Trips for Divers
Oakland, CA 94602
510-638-3448 / 800-345-7159
'Blue Lagoon Cruise'
Peter Hughes'Island Dancer II'
Aqua Trek Divers, Pacific Harbour
Pearl South Pacific Resort ◊◊
Taunovo Bay Resort and Spa ◊◊
Uprising Beach Resort ☺ ◊◊
First Landing Resort, Nadi
Voli Voli Resort, Raki Raki
Waidroka Bay Resort, Pacific Harbour
Wananavu Beach Resort, Raki Raki ☺ ◊
Tokoriki Island Resort ◊◊
Vatulele Island Resort
Beqa Lagoon Resort ☺ ◊
Lalati Resort and Spa
Matana Beach Resort
Jean-Michel Cousteau Fiji Island Resort
Moody's Namena Resort
Matangi Private Island Resort
Garden Island Resort
Maravu Plantation Resort
Paradise Taveuni Resort
Taveuni Island Resort
Legends: ☺kids friendly (kids program or kids rates available); ✩ wheelchair accessible; ◊ internet access (◊◊ free)
Hundreds of islands dot the waters of Fiji, joined by shallow reefs and divided by deep canyons. A wide variety of brightly colored soft corals dominate the landscape offering a home to exotic fishes, anemones, tube worms, tunicates and other marine life.
Due to the influence of the surrounding ocean, the changes in the temperature from day to day and season to season are relatively small. The average temperatures change only about 2 to 4 °C between the coolest months (July and August) and the warmest months (January to February). Around the coast, the average night-time temperatures can be as low as 18 °C and the average day-time temperatures can be as high as 32 °C.
Fiji experiences a distinct wet season (November to April) and a dry season, controlled largely by the north and south movements of the South Pacific Convergence Zone, the main rainfall producing system for the region. Much of the Fiji’s rain however falls in heavy, brief local showers.
A valid passport for at least six months beyond the intended period of stay and a ticket for return or onward travel to another country, which he/she is authorized to enter, is required. Entry visas are granted on arrival for a stay of 4 months or less.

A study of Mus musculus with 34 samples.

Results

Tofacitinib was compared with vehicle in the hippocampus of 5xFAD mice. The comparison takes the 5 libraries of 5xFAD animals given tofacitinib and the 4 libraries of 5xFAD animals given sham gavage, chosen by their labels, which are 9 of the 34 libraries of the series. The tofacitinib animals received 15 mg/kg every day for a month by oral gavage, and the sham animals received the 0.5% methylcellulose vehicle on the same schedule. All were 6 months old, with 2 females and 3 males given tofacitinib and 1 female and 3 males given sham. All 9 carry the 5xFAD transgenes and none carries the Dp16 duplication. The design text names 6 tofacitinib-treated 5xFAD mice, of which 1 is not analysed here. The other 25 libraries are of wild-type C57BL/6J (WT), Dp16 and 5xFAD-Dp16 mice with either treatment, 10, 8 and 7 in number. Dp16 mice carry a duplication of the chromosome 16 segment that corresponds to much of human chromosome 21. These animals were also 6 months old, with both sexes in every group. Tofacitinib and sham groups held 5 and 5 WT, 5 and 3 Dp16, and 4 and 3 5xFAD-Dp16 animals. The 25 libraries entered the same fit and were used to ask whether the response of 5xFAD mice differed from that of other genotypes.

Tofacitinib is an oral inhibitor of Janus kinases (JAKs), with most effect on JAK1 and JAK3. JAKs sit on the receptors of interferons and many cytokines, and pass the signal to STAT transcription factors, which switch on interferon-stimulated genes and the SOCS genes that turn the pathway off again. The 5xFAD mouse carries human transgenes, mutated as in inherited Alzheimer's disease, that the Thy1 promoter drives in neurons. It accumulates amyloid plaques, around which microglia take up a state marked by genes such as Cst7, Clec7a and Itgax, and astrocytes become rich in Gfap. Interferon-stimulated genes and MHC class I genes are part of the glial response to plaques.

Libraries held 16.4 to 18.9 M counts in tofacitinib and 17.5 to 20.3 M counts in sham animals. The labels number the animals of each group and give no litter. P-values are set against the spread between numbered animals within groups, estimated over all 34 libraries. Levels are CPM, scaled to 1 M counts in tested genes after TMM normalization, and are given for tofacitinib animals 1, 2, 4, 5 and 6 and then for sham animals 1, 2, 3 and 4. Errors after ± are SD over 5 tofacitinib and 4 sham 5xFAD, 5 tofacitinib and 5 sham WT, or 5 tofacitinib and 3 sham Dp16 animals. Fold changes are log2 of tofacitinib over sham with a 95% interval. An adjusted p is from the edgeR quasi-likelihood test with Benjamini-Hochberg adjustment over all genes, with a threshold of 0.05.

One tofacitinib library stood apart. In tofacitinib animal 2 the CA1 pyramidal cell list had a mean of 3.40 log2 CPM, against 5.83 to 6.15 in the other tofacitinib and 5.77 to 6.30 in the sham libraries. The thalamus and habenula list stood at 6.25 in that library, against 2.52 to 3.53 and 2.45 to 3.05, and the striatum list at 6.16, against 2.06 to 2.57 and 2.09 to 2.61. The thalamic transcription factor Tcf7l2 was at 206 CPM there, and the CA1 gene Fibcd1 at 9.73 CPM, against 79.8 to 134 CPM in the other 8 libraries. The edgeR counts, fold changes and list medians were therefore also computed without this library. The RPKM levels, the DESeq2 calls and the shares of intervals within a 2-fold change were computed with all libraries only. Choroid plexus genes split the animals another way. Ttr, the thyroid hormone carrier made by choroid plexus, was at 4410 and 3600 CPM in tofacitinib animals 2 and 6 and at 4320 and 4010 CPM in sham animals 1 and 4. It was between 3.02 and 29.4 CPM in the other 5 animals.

How to get there
Air Pacific is Fiji’s international carrier that has direct flights from Auckland, Christchurch, Brisbane, Melbourne, Sydney, Honolulu, Los Angeles, Vancouver and Narita (Japan). Other airlines that fly into Fiji are Qantas, Air New Zealand, Korean Air and Pacific Blue.
The electrical current in Fiji is 240 volts AC 50 Hz. Fiji has three pin power outlets identical to Australia and New Zealand.
The Fijian dollar is the basic unit of currency, available in denominations of $2, $5, $10, $20, $50. Coins: 1c, 2c, 5c, 10c, 20c, 50c and $1. There is no limit to the amount of money to be brought in. Visitors are allowed to take out currency up to the amount imported.
Fiji is free from malaria, yellow fever and major tropical diseases that are endemic to most tropical countries. Yellow fever and cholera vaccinations are required only for those arriving from infected areas.
Biggest of the Fiji Islands Viti Levu offers you variety of resorts. Far north of the island off the coast of Nanau-I-Ra, Bligh Water's nutrient rich channel serves as a pristine marine environment for thousands of fish, sharks, dolphins, invertebrates, and provides a home for some of the best soft coral growth in the world. Beqa Lagoon is a 30-45 minute boat ride from Pacific Harbour on the south coast of the main island, Viti Levu. Beqa Island is the home of the Fire Walkers and shark dives are must to see many species of sharks and big fish competing for foods. There are at least 30 dive sites within the lagoon; gentle currents wash the coral “bommies” that reach up from depths of 80-90 feet almost reaching the surface.
Further south, Kadavu Island is home to over 70 villages linked by boat rather than roads. This large island has been described as “Fiji, the way it used to be”. Astrolabe Reef, off the far end of the island, offers walls and canyons, hard and soft corals, Napoleon wrasse, the feather star and a myriad of life. Some lucky divers may enjoy giant manta encounters.
The premier dive sites are in the SomoSomo Straits between the islands of Taveuni and Vanua Levu where the currents bring plankton-rich waters from the north. The renowned “White Wall” is found here. Northward is Matagi Island, and the Lau Group to the east reaches into the Tonga passage where we can find large sharks and fishes.